There are a lot of things to consider before choosing a stock. Ideally, you want to invest in a company that is profitable, or at least on the path to profitability. You also want its business model to have both long-term demand and growth opportunities.

Two hot stocks that don't fit the bill for these stock-buying requirements are Beyond Meat (BYND 2.46%) and Carvana (CVNA 5.76%). Here's a closer look at why I wouldn't touch these companies with a 10-foot pole, and where I'd put my money instead.

Beyond Meat

When I first heard about the plant-based alternative meat company Beyond Meat, I loved the idea of having a healthier, more eco-friendly option within the food industry. Clearly, I wasn't the only one. Its IPO in 2019 was incredibly strong, with its share prices climbing as much as 240% in the months following. But now, nearly four years later, the company is still wildly unprofitable, and it doesn't seem like things are improving quickly enough to keep the boat from sinking.

In its latest full-year earnings for 2022, the company lost over $366 million. Its revenue and earnings before interest, taxes, depreciation, and amortization (EBITDA) also fell compared to last year. It's not uncommon for a young company like Beyond Meat to operate at a net loss in its first few years, but its losing streak isn't improving. Shrinking consumer demand for its products has led to high inventory, forcing the company to cut its product prices to move it. It's also facing rising costs amid high inflation, supply chain issues, and higher cost of borrowing with rising interest rates.

Unsurprisingly, the company relies heavily on debt to float its operations, and now the ability to pay back its debt is in question. I do believe there could be long-term growth opportunities for Beyond Meat, but I'm not sure the company's foundation is stable enough to overcome today's economic and operational pressures. That's why I'm steering clear of this company.

Carvana

Online car-buying company Carvana is another great example of when a vision simply doesn't meet reality. The idea behind Carvana's business model, to buy and sell used cars virtually, sounds appealing. But in its nearly 10-year tenure as a company, it has yet to figure out how to do this profitably. Its business model also hasn't been adopted by the mainstream.

Carvana has been bleeding money for years, and its latest 2022 full-year earnings came in much worse than expected. The stock's net loss per share was $15.74 -- a loss 865% greater than last year's. Its EBITDA margins are also thinning, and its debt-to-equity ratio is rising rapidly. This puts the company at risk for maintaining its debt obligations and has prompted Carvana to take drastic cost-saving measures, but it may not be enough to save the company.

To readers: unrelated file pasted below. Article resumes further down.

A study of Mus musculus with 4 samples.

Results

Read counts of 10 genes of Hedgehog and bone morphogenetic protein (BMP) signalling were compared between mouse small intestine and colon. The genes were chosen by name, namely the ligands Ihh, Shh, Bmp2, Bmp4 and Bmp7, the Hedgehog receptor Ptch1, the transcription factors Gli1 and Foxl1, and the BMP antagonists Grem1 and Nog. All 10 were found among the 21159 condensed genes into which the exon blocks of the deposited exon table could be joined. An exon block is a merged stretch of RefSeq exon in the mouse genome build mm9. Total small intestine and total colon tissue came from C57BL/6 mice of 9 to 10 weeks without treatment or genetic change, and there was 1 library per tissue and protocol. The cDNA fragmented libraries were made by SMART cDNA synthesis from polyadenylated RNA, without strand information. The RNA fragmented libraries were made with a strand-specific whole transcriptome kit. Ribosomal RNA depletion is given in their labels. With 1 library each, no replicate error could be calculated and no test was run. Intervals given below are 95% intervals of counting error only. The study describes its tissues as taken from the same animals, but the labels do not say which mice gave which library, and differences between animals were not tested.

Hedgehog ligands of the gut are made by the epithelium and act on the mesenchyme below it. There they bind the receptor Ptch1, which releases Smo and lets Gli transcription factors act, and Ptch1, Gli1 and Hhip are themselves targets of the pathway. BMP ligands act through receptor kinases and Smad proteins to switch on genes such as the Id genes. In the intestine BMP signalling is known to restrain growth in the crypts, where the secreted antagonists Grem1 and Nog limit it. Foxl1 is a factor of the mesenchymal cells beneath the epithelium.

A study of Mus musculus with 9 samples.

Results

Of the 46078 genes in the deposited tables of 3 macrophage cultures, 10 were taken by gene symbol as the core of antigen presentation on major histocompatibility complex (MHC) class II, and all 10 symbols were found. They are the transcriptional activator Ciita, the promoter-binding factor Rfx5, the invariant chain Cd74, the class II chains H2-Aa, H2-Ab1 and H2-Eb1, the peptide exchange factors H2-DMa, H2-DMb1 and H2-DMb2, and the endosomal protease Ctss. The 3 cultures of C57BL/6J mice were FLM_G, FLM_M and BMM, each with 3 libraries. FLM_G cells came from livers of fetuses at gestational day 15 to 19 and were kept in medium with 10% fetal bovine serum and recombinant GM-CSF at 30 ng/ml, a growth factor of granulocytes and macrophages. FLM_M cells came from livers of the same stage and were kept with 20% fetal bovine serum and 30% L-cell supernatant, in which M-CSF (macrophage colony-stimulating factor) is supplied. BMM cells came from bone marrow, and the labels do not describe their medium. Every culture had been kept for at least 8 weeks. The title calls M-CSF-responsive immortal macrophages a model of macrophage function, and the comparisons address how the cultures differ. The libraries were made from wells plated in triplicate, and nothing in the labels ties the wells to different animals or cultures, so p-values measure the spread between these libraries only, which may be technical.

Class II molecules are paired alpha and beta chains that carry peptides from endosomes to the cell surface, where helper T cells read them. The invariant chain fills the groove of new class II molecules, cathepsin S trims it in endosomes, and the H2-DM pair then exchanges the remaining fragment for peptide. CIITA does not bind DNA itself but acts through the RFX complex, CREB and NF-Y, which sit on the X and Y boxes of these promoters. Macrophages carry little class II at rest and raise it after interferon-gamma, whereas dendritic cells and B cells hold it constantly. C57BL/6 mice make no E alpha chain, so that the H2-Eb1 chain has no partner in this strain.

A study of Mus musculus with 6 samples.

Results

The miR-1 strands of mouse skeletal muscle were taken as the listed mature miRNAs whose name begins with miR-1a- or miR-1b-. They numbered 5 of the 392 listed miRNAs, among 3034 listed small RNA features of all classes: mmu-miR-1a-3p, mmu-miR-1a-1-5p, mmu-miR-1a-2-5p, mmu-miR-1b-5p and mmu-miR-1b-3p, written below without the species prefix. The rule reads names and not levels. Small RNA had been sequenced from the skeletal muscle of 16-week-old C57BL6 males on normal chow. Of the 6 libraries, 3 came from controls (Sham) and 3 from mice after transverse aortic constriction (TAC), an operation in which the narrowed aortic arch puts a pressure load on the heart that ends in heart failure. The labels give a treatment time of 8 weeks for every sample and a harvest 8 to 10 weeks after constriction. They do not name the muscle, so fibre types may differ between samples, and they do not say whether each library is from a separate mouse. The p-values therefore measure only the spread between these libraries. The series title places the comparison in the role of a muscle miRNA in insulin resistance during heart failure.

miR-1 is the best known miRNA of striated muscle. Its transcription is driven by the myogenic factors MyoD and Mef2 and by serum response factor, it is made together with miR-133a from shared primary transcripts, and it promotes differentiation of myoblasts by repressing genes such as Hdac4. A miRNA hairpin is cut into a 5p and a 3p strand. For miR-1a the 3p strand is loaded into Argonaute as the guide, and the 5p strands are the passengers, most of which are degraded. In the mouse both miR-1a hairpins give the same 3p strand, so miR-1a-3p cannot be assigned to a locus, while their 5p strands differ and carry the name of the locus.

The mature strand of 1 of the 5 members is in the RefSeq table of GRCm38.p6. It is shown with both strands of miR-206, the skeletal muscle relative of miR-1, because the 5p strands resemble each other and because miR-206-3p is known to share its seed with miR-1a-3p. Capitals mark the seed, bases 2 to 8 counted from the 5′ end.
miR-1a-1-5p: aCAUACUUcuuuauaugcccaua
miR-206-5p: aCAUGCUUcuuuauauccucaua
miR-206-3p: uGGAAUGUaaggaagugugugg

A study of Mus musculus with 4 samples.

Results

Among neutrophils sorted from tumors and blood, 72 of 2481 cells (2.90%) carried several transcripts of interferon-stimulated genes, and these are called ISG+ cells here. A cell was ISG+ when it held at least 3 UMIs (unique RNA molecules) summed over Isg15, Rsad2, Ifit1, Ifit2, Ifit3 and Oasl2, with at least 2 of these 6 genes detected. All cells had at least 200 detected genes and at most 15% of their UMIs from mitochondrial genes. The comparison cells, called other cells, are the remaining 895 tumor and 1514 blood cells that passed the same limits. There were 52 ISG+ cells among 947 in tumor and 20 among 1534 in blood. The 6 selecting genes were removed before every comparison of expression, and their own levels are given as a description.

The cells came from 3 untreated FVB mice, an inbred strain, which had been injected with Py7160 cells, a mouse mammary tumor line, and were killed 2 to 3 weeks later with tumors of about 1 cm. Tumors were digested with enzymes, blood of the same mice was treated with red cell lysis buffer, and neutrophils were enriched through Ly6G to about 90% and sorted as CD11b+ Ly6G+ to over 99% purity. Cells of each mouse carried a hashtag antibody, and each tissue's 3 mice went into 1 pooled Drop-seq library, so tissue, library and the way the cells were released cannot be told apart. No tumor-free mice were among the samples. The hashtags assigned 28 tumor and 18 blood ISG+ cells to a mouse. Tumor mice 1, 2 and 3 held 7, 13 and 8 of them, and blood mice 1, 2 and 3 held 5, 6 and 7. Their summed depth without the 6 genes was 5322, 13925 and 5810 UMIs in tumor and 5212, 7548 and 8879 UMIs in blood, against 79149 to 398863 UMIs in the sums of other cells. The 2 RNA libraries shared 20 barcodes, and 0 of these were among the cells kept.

Its losses last year were largely from macroeconomic pressures like higher debt costs and waning demand for used cars as inflation and rising interest rates weigh on consumers. But macroeconomic challenges aren't the root of the problem. Even when used-car demand and prices soared due to pandemic-related supply chain issues, Carvana still wasn't able to turn a profit.

Its business model may have too much room for pricing errors and an inability to accurately predict inventory and demand. This factor, combined with its lack of profitability and dangerous debt levels, makes it a stock to stay away from.

Where I'd put my money instead

Airbnb (ABNB -0.79%) is a stock that doesn't just have an appealing vision -- it's a stock that is wildly profitable and has massive long-term growth opportunities. This leading short-term rental platform is defying most young growth stock stories by delivering incredible year-over-year growth since its IPO in 2021.

The fourth quarter of 2022 was its most profitable in history, with its EBITDA jumping by 72% compared to last year. Its revenue for the full year were up 40%, and 2022 marked its first full year of positive net income. High demand for domestic and international short-term rentals also helped the company achieve its stellar growth. And while Airbnb is predicting that travel demand will slow slightly in 2023, the company still has massive long-term growth opportunities. 

It continues rolling out new features to improve the booking and rental experience for guests and hosts, helping create return customers and attract new hosts. It's created new services like Airbnb experiences, and its latest earnings report hinted that something new outside of its core services could be coming. The company is flush with cash and its debt-to-equity ratio is positive. That's much better than Carvana and Beyond Meat, which both have a negative debt-to-equity ratio.

Chart showing Airbnb's debt-to-equity ratio currently higher than Beyond Meat's and Carvana's.

ABNB Debt to Equity Ratio data by YCharts

I also truly believe in the vision of Airbnb and consider the stock an opportunity, since market saturation is nowhere near capacity. The stock's pricing is somewhat elevated compared to its closest competitors, but it's a reasonable price for a stock that's performing as strongly as Airbnb and that has this many growth opportunities.